Came accross this on a site called worldguns. I thought it interesting and had never heard of it before, so I thought I'd share it. Info to follow.
Statitics on the P11 from worldguns:
Type Single Action multi-barrel
Caliber(s) 7.62mm underwater
Weight unloaded about 1200 g
Length 200 mm
Barrel length n/a
Magazine capacity 5 rounds in disposable barrel cluster
The HK P11 is one of the least known weapons to emerge from the Heckler & Koch factory. Developed during the early 1970s to arm frogmen (combat divers), this weapon is apparently in use with the Navies of Germany, Italy, France, Norway, the UK and the USA. This highly unusual weapon is probably the only serious rival to the Soviet underwater pistol, which appeared in late 1960s. The P11 and its ammunition is somewhat bulkier than its Soviet counterparts (the SPP-1M), but, on the other hand, the P11 has one round more capacity and a larger caliber, probably resulting in better lethality.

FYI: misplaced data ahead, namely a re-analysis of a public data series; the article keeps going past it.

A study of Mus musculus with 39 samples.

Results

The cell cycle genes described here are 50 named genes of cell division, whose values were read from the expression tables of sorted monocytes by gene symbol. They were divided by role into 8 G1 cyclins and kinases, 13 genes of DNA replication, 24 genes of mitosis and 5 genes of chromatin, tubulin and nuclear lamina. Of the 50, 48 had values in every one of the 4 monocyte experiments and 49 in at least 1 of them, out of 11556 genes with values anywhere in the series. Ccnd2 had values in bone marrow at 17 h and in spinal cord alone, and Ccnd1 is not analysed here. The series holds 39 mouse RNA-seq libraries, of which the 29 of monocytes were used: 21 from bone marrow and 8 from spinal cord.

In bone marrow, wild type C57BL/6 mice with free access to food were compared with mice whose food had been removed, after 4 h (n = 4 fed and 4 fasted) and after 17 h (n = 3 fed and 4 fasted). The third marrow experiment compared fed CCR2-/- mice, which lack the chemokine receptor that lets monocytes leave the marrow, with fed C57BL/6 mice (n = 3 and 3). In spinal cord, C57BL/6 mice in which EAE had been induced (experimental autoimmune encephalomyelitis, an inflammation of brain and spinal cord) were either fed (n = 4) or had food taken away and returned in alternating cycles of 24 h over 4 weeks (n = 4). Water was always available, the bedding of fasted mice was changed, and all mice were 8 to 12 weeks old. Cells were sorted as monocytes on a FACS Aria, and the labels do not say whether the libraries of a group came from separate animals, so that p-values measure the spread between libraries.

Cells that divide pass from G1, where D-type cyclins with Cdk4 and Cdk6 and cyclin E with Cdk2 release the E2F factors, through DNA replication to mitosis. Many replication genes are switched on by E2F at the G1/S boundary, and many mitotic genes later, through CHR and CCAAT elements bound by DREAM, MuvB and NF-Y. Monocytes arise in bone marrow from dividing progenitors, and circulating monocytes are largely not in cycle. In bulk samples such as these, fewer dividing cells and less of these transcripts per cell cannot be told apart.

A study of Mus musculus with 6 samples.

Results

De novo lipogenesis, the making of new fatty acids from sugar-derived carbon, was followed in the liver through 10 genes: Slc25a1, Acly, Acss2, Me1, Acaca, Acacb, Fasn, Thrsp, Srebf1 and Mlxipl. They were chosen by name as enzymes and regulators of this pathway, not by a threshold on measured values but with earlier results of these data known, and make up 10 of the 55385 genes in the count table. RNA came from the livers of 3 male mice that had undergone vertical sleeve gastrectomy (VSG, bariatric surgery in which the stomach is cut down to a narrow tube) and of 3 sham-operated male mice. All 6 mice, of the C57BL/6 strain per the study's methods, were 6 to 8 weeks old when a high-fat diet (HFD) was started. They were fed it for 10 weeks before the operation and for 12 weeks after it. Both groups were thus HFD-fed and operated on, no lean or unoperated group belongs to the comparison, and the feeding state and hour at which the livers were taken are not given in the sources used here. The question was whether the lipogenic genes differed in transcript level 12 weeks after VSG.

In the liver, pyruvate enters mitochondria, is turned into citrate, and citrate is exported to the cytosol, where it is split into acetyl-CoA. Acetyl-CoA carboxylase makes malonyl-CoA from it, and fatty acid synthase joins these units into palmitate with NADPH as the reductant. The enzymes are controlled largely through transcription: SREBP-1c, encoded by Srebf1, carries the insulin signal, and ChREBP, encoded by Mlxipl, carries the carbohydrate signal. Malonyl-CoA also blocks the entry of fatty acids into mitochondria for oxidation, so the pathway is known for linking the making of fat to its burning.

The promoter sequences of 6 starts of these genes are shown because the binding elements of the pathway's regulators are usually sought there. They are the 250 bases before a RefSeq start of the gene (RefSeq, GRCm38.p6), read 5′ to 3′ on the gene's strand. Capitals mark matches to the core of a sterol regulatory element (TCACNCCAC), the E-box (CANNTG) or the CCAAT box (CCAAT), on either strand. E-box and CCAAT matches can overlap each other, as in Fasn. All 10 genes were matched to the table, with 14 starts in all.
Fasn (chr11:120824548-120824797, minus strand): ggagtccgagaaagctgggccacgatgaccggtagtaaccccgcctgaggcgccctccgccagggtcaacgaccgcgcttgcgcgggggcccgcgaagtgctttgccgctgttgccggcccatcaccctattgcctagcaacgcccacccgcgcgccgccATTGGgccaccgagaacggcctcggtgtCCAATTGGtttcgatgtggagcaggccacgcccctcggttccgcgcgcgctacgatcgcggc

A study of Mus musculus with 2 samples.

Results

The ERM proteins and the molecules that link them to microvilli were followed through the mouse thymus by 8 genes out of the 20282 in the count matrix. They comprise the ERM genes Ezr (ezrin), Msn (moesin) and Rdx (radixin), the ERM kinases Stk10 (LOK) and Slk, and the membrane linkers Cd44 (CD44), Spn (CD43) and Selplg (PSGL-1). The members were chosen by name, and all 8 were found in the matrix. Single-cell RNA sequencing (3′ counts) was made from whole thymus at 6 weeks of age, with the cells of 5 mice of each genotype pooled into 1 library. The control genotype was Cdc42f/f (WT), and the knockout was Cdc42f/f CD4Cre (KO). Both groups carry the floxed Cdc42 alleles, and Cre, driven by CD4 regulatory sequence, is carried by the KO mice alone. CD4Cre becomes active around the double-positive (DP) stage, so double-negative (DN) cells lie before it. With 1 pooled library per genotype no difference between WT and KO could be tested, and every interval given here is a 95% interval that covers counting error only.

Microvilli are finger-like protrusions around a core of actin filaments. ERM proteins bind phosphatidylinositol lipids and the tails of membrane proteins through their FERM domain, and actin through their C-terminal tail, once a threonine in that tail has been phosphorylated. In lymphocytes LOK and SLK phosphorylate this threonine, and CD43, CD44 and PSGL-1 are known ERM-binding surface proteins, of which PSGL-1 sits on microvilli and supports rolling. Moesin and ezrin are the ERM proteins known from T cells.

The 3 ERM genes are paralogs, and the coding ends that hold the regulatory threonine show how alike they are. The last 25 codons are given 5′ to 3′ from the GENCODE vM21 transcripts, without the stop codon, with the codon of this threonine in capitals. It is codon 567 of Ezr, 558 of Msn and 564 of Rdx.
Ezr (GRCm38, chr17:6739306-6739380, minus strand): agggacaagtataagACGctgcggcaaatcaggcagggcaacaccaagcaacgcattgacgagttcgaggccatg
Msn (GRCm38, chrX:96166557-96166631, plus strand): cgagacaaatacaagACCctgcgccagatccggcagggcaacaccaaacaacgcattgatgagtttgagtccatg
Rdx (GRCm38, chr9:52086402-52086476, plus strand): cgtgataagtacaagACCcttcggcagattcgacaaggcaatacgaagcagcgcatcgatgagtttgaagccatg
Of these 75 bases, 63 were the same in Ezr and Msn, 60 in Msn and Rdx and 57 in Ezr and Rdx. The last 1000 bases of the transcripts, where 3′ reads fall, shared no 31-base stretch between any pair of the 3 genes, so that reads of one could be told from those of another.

The HK P11 pistol is mainly unusual in the fact that it is not self-loading. Instead, it uses a quick-detachable cluster of five barrels, each factory-loaded with a powder charge and long, needle-like, drag-stabilized projectile. The pistol is reloaded by the replacement of an entire barrel cluster. In combat, the empty clusters are discarded, in training these are collected and later sent back to factory for reloading. Loaded barrels are protected from salt water by thin diaphragms, which are destroyed by the fired bullet at the instant of firing. Powder charges in each barrel are ignited using electricity, provided by two 9-Volt batteries, stored in a sealed container in the grip of the pistol. The effective range underwater depends on the depth, and is about 15 metres near to the surface. Above the water, the effective range is quoted as being around 30 metres, and while long and relatively heavy bullets can be lethal at longer ranges, the chances of hitting any target beyond the given range is minimal. This is because the barrels are not rifled, and bullets are not stabilized in the air, thus tumbling and yawing in flight through the air.